Legal Aid ACT's older persons support service received 549 calls in its first eight months of operation, on matters including elder abuse and the misuse of powers of attorney.
Other matters brought to their attention by older people included family violence, family care arrangements, guardianship and financial management, age and disability discrimination, neighbourhood disputes and credit and debt.
The Older Persons ACT Legal Service, known as OPALS, has been operating since November 2018 and in that time has provided legal assistance to 98 people. The service is focused on helping those experiencing elder abuse.
Legal Aid ACT's annual report said across the organisation, 689 services were provided to clients aged 65 and over, of which 152 involved family violence.
"Older people encounter significant barriers in accessing legal and justice services," the annual report said.
The service aimed to work in partnership with other agencies to reach out to the most isolated and vulnerable older people in the community.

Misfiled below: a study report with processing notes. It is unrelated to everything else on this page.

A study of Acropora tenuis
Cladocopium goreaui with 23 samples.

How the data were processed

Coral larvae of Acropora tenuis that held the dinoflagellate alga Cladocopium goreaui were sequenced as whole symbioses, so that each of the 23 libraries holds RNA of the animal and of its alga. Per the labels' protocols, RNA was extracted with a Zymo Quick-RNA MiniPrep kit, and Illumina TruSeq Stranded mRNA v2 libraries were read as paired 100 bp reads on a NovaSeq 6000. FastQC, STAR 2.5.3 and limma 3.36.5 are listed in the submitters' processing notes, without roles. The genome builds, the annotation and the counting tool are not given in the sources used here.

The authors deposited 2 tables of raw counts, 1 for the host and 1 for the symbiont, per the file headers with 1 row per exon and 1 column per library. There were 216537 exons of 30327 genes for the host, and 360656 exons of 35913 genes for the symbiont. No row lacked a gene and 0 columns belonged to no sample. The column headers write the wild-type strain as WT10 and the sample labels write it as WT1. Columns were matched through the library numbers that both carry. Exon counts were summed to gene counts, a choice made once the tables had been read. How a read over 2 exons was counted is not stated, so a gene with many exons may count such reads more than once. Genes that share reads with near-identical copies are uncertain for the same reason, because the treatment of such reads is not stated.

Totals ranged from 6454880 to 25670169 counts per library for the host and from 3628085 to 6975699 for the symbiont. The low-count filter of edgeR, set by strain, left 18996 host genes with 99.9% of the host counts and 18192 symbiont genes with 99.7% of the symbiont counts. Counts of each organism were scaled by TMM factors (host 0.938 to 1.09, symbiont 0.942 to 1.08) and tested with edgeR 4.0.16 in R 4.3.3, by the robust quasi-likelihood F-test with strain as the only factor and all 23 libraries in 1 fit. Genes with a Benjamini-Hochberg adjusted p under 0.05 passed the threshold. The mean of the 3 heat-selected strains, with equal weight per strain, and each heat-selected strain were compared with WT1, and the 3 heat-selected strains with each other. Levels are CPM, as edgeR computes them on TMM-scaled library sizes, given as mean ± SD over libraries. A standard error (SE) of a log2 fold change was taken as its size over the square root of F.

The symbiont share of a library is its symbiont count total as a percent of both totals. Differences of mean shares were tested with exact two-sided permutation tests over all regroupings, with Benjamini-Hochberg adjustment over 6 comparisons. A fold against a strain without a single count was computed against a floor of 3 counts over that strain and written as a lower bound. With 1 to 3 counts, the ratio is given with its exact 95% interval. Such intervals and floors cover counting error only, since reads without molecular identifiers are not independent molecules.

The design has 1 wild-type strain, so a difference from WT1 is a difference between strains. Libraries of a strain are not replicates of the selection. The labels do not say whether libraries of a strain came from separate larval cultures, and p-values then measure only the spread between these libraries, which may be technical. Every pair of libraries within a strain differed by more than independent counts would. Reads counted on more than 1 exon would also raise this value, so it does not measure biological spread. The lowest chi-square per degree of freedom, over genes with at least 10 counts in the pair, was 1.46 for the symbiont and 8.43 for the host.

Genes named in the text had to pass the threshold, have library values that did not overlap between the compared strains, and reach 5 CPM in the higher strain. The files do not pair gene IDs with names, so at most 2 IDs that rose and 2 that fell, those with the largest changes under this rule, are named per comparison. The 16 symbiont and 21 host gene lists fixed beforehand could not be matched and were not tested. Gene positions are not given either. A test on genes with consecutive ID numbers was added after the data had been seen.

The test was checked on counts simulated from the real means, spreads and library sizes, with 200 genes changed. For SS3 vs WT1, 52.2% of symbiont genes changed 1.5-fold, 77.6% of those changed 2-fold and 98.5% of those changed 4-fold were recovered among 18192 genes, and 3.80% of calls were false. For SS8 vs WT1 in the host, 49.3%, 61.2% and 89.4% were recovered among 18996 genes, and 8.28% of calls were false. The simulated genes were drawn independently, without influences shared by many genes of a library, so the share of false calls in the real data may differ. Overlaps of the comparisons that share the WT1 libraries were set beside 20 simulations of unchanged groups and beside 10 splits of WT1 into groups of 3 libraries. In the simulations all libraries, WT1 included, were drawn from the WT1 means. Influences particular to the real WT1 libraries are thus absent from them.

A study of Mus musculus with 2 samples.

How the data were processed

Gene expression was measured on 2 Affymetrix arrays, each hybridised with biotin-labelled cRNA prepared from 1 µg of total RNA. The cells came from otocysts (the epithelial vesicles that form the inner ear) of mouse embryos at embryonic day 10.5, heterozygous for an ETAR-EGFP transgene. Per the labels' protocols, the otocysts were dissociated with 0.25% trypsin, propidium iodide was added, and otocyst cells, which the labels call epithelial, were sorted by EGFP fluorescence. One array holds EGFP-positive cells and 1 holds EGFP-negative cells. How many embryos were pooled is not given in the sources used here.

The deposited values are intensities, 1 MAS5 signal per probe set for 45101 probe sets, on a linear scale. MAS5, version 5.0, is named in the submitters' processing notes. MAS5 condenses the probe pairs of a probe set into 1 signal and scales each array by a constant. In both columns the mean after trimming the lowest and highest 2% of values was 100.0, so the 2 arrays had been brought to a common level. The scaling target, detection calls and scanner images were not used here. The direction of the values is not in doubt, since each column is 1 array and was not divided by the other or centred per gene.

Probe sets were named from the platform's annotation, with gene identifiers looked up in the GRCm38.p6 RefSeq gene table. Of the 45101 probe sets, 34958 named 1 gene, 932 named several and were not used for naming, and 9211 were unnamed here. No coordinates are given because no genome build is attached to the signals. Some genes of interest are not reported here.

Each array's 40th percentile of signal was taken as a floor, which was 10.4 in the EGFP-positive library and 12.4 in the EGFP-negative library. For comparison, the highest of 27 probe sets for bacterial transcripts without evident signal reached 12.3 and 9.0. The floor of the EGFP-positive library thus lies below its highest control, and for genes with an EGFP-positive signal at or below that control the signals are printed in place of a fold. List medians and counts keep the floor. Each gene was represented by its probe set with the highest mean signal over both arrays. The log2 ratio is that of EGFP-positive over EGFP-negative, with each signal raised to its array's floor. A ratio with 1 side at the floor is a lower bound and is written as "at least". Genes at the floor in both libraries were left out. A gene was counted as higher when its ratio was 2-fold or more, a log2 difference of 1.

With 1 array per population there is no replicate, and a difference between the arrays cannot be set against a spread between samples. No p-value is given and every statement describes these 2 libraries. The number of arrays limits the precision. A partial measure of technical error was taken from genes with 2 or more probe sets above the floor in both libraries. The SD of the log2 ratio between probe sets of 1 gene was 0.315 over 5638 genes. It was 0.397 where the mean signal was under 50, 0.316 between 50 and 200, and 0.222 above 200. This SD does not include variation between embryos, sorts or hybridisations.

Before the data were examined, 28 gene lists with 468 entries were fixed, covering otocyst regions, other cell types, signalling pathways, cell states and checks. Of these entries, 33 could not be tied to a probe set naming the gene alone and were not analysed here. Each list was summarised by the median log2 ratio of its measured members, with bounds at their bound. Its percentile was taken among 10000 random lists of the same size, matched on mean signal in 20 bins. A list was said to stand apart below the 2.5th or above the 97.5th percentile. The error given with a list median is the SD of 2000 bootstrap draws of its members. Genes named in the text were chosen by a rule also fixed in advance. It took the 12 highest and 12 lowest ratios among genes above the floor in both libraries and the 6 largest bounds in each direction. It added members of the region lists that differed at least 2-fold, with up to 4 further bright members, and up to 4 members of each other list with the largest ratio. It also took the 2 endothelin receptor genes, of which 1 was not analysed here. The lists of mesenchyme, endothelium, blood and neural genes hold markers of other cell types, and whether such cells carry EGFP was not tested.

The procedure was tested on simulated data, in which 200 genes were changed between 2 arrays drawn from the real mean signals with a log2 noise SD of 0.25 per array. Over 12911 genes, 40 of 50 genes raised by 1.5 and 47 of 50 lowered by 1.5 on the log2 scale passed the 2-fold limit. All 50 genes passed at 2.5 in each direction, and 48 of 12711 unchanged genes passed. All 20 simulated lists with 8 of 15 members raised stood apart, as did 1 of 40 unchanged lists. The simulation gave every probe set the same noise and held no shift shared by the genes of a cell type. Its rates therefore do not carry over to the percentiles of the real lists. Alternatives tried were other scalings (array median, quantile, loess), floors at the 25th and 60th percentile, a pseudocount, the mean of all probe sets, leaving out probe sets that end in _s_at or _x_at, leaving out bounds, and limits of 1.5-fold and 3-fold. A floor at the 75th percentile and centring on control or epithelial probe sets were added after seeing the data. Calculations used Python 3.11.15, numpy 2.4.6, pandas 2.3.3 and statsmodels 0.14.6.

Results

"OPALS provides information and referral services, legal advice and representation to individuals, and education to help prevent elder abuse and safeguard the rights, dignity and independence of older people."
Meanwhile, the introduction of the ACT Drug and Alcohol Court will have a significant effect on Legal Aid ACT and their ability to provide services in these emerging space, the annual report said.
Growth in demand for legal assistance is an ongoing challenge, it said, particularly when balancing new commitments like elder abuse support and new initiatives like the Drug and Alcohol Court, case conferencing in the Supreme Court and the Therapeutic Care Court.
"Our capacity to continue in this direction, in particular to fund litigation in the future, is likely to be limited by financial constraints without significantly increased government investment," the report said.
The number of people accessing Legal Aid ACT's general helpline increased by more than 11 per cent compared with the previous 12 months, from 15,671 in 2017-18 to 17,406 in the most recent financial year.
The top three matters for which people sought legal advice, as recorded by the service over 2018-19, were domestic violence and personal protection orders, employment issues, and mental health.